Earth Day is on Monday 22 April - created to drive positive action for our planet. Tackling climate action is an important and difficult challenge that we face, and for Portsmouth City Council it's a top priority. Every Earth Day can drive a year of energy, enthusiasm, and commitment to create a new plan of action for our planet.

This year’s theme is ‘Planet vs. Plastics’ and Earthday.Org is aiming for a 60% reduction in the production of all plastics by 2040. This is where you come in.

As an individual, you yield real power and influence as a consumer, and a member of a community that can unite for change.

We recently put out a social media post to find out what you do at home to cut down on your plastic use, and we’ve complied this list of top tips for you:

Shopping:

  • Shop at The Package Free Larder in Elm Grove – Portsmouth’s first plastic-free supermarket.
  • Refill your shampoo, conditioner, washing up liquid and laundry liquid at Herbies Health Store.
  • Buy loose vegetables when shopping, these can often be cheaper and result in less food waste.
  • Use a ‘bag for life’ when you go shopping or keep a fabric tote bag handy for those last-minute shopping trips.

At home:

  • Use reusable plastic containers to store food in, instead of bags or using cling film.
  • Use a sparkling water maker, like a SodaStream, for fizzy drinks, instead of buying plastic bottles of pop.
  • Use hand soap or shower gel dispensers and buy the bigger bags of soap or gel to refill them.
  • Use biodegradable glitter.
  • Have a separate bins at home, one for soft plastics and one for hard plastics.
    • Soft plastics, such as crisp packets, cling film, food and pet pouches and plastic wrappers can be taken to the supermarket to recycle.
    • Hard plastics, such as yogurt pots, non-black plant pots, margarine and ice cream tubs, meat trays and fruit and veg punnets, can be taken to community bins across the city. Here’s the map (be sure to click ‘I agree’).
  • Swap cling film for beeswax food wraps.
  • Do not use disposable plastic cutlery.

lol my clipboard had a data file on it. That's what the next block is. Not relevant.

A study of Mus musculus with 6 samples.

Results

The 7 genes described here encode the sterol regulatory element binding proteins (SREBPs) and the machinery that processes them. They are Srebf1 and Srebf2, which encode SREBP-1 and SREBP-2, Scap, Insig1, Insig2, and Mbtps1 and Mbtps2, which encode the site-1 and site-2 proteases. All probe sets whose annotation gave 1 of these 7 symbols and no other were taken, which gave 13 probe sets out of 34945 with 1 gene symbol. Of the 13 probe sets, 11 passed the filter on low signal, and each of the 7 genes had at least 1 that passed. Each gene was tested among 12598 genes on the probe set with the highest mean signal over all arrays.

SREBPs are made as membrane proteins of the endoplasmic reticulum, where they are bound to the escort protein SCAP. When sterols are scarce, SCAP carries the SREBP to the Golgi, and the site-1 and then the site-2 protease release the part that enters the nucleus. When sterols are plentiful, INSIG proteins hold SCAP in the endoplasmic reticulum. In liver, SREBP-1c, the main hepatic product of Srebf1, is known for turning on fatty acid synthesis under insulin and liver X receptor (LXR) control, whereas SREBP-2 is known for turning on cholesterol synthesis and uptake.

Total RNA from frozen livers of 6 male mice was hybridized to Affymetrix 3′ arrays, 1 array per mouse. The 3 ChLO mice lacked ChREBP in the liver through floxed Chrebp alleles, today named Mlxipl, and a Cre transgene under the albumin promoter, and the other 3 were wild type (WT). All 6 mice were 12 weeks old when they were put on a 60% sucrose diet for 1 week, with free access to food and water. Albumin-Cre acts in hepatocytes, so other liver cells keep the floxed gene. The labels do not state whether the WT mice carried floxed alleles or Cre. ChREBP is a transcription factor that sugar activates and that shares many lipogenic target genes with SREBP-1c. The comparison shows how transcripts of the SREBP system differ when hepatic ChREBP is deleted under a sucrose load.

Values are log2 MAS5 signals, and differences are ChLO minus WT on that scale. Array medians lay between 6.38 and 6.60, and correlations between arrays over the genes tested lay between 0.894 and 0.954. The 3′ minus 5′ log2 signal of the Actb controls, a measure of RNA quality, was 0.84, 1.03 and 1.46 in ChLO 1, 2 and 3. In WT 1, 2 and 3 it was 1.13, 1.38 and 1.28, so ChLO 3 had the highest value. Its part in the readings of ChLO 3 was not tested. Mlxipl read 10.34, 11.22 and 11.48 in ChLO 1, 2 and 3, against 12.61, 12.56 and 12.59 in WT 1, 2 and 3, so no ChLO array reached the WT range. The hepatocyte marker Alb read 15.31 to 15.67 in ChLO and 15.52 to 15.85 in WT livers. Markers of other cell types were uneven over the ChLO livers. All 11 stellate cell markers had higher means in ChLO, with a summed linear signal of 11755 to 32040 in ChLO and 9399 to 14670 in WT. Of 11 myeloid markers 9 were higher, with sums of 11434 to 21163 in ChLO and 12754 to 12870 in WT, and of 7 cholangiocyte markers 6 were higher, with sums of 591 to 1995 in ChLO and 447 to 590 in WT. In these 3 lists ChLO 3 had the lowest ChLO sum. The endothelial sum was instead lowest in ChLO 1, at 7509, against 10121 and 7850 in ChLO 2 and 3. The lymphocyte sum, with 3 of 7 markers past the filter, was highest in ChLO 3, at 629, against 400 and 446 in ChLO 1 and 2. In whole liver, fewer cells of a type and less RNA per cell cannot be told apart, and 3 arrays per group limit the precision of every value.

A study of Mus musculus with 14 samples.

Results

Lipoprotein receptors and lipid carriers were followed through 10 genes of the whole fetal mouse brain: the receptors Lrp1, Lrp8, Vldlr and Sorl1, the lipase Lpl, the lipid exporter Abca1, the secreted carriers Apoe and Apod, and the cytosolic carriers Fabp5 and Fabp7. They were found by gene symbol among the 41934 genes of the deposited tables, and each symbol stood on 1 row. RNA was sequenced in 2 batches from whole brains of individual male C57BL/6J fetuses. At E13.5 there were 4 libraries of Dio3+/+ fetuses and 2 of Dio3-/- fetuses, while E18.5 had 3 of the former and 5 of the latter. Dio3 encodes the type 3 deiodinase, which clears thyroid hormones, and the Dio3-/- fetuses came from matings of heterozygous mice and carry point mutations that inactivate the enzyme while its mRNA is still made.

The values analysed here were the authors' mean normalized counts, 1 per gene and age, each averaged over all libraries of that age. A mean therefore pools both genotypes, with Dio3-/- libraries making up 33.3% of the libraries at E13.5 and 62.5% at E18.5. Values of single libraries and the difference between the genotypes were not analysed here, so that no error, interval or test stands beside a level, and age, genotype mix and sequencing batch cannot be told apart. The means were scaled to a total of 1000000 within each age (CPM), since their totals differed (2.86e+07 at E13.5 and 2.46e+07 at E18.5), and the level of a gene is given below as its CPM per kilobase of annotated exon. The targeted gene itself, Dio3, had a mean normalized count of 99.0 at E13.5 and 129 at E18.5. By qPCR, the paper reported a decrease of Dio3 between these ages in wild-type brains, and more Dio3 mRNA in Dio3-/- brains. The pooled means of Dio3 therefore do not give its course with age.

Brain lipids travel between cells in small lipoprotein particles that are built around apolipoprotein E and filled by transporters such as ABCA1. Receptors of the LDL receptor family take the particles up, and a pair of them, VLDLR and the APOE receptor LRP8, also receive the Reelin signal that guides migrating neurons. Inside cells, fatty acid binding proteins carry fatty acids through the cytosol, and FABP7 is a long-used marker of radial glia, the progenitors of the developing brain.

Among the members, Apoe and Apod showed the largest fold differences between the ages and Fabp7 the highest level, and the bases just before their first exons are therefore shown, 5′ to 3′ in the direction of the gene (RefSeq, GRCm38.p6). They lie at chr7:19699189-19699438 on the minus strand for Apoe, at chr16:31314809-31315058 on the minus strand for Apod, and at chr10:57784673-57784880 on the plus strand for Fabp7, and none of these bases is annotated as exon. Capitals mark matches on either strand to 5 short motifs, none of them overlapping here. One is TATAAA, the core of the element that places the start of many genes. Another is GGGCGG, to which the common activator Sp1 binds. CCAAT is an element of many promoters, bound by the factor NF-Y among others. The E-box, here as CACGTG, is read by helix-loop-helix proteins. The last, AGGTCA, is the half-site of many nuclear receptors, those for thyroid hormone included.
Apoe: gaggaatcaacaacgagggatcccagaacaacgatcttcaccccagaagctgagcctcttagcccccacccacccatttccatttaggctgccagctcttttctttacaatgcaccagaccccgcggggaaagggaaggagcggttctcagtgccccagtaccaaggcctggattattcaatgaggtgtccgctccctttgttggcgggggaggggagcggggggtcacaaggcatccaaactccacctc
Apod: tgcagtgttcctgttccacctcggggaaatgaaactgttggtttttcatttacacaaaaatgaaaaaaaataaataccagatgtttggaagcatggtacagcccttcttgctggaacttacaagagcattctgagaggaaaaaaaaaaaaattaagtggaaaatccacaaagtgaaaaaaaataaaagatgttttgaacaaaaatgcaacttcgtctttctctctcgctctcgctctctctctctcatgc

• Get your milk delivered in glass bottles.
  • Did you know lots of chewing gum contains plastic? Switch to a natural version to avoid it!
  • Don’t use single-use party decorations, get something that can be used time and time again. Learn here how to make your own bunting.
  • Use reusable straws.
  • Use paper sticky tape instead of plastic.

Out and about:

  • Use reusable water bottles and coffee cups. There are numerous places in the city you can refill your bottle, just have a look on the Refill App. Lots of coffee shops offer a discount, or extra points if you get your takeaway coffee in a reusable cup.
  • Use biodegradable dog poo bags.

Health and beauty:

  • Use a bar of soap instead of using shower gel or hand soap.
  • Use a recyclable toothbrush.
  • Use reusable nappies.
  • Switch from using single-use sanitary items. You could try a menstrual cup, period underwear or washable cotton pads and liners.
  • Use reusable razors and not the disposable kind.
  • Use plastic free hair ties.

If you have an item in mind that isn’t listed above then, consider the five R’s of waste management before you buy: Refuse, reduce, reuse, repurpose, recycle.

Did you know that:

  • Plastic accounts for 3.4% of global greenhouse gas emissions.
  • Nearly 80% of all plastics humankind has ever created still exists in the environment and landfills.
  • 17% of the species affected by marine plastic pollution are on the red list of threatened species of the International Union for Conservation of Nature.
  • Plastic has been found in our lungs and our blood.
  • In two decades, the amount of plastic we produce has doubled, from 234m tonnes in 2000, to 460m tonnes in 2019.
  • Plastic can take up to 500 years to decompose, and even then it never fully disappears.
  • Over 99% of plastic is made from chemicals sourced from fossil fuels.

As Earth Day approaches, your collective efforts are fuelling a global movement to reduce plastic waste. By individuals embracing simple yet impactful lifestyle changes and harnessing the power of community action, we are demonstrating that small steps can lead to significant progress in the fight against plastic pollution.